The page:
Tuesday 17 November 2015

Mate crime

 

What is mate crime?

Mate crime is a word for someone deliberately befriending a person with autism so they can take advantage of them. Sometimes people 'pretend' to be friends with autistic people to use for things, like money or a place to stay.

What are some examples of mate crime? We spoke to Andy Buchan, a police officer with experience of mate crime, about what some known examples are.

He said: "Sometimes people with autism get given independent accommodation and a 'mate' has pretended to be their friend so they have a free place to stay. They then invite friends around to hang out which can intimidate autistic people as they don't feel able to say no."

Another common problem is these supposed friends asking you for money, saying things to you like "Can you lend me some money until I get paid?" This 'mate' then refuses to pay back the money and often threatens victims for more cash.

"Autistic people may get benefits paid to them and spend relatively little so it appears that they have lots of cash lying around," says Andy.
He's also keen to point out that people with autism can be perpetrators of this, not just victims.

James* is 24 and found himself a victim of mate crime. “It took me a while to realise this person wasn’t my friend,” James said. “I thought we got along but then he started doing terrible things to me. He was violent and intimidated me. In the end my social worker moved me to a different house.”

 

Why is this happening to people with autism?

Often people with autism can find it more difficult to make friends, and feel isolated from the rest of society. This means sometimes you can be so desperate for friendship, you accept even aggressive people, or people who degrade you.
"Friendships for autistic people can be confusing and sporadic," says Andy. "So if someone shows an interest in them or their passions this can seem like the greatest thing in the world. So they'll often turn a blind eye to the deficient parts of the relationship."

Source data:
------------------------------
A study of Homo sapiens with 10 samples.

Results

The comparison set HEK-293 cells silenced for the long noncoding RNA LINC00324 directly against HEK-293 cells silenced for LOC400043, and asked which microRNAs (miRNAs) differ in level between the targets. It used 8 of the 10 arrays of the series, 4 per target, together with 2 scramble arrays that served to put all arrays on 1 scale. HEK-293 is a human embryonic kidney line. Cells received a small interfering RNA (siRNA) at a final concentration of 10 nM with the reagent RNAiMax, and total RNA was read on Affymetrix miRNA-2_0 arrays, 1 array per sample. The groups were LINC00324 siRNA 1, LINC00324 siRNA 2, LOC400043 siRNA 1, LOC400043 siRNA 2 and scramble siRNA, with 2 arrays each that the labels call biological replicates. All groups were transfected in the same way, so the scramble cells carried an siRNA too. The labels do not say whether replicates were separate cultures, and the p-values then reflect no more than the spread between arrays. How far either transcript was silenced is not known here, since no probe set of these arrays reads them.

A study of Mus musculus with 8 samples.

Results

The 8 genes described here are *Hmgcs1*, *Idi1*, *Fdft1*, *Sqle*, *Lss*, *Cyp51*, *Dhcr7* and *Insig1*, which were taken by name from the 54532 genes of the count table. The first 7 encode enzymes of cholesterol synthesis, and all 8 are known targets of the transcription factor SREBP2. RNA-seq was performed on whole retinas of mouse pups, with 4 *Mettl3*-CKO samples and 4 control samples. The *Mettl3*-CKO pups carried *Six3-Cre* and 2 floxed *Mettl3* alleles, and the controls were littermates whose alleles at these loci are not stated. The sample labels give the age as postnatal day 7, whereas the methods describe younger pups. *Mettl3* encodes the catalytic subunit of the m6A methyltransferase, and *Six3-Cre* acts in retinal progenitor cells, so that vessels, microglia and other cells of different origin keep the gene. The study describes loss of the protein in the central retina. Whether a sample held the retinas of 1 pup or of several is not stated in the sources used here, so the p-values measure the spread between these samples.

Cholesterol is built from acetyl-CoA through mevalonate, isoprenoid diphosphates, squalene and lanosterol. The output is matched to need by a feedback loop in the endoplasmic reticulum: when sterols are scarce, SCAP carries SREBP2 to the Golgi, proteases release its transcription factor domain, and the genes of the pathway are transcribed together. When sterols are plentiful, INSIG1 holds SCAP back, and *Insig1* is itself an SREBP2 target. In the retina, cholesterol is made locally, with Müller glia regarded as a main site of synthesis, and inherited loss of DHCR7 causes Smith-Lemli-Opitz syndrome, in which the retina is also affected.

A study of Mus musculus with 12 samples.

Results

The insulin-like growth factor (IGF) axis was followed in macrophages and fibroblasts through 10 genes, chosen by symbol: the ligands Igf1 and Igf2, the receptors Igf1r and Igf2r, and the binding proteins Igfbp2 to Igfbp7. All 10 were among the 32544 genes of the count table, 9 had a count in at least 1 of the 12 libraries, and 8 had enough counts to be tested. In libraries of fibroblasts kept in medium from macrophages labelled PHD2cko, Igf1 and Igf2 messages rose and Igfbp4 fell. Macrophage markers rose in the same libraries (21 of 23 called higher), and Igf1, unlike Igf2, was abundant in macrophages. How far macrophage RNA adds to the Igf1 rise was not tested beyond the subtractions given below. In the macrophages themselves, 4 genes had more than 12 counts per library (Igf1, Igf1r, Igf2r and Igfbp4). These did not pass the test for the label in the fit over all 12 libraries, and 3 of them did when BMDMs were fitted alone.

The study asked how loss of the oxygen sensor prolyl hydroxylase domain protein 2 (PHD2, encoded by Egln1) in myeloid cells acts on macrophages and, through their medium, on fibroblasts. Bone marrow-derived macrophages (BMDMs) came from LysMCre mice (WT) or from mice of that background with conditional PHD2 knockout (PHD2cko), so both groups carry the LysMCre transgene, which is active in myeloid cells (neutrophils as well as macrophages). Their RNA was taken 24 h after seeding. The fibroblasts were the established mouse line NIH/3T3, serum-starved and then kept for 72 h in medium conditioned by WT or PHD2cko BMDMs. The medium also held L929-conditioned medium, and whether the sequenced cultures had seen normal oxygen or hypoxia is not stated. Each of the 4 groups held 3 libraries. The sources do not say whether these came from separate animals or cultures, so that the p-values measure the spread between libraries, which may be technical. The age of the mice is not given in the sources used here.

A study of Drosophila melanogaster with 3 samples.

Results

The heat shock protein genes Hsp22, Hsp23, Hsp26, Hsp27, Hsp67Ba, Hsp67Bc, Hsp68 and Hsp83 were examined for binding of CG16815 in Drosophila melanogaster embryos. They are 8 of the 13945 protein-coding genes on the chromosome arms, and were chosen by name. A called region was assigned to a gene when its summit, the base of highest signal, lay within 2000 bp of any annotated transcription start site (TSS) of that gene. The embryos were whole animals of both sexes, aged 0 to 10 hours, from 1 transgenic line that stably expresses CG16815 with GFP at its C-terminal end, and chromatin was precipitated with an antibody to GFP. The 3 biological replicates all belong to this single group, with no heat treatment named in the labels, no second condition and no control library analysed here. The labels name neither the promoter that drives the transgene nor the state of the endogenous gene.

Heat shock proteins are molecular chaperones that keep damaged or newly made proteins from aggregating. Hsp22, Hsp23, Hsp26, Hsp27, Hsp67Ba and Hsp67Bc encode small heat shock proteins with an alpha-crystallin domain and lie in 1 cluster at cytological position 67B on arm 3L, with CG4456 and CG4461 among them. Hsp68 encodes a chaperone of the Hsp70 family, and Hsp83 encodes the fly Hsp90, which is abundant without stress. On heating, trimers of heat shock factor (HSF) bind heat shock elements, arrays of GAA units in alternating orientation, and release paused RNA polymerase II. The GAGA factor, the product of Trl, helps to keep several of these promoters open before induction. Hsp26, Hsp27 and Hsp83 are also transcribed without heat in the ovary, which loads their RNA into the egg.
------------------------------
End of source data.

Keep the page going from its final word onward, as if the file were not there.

How can I protect myself from mate crime?

Andy gave us these top tips for looking after yourself:

  • Never give or lend money to people you have just met without telling someone you trust.
  • Never let anyone into your home that you don't know or trust. Genuine tradesman will have ID to prove who they are.
  • Ask a potential new friend to meet you at a day centre, or with your carer, so others can meet them too. If they really want to be your friend, they won't mind doing this.
  • If someone is nasty, aggressive or violent towards you, they are NOT your friend.
  • NEVER do anything with someone that makes you feel bad.

 

I think I’m a victim of mate crime, what do I do?

The most important thing is to tell someone you trust, as soon as you can. James said that’s when everything started to change for him.

“Tell social services or your psychologist, anyone you really feel you can trust,” he says. “It’s important for people to know this is going on as it’s really scary.”

Do not put up with this behaviour in silence. Whether it’s a friend, carer, social worker, or medical professional – let someone know what’s going on. You can call the police too. The police take this crime seriously and will investigate it thoroughly and professionally. If you ever feel in immediate danger you can call 999. Or if something happened recently, you can call 111 and ask to speak to a police officer. They’ll arrange a time to meet you that suits you, and you can bring someone you trust with you.

Andy is keen to emphasise how seriously this is taken. “Above all be assured that you will be believed and something will happen to help you and stop this.”

James says he is now coming to terms with what happened to him. “I’m still suffering from after-effects,” he says. “But I’m talking to a therapist about it and feeling like I can put it behind me. I want others to know that, with help, you can get over this.”

*Name changed to protect identity

If you feel you are being affected by Mate Crime you can talk to Bullying UK on 0808 800 2222.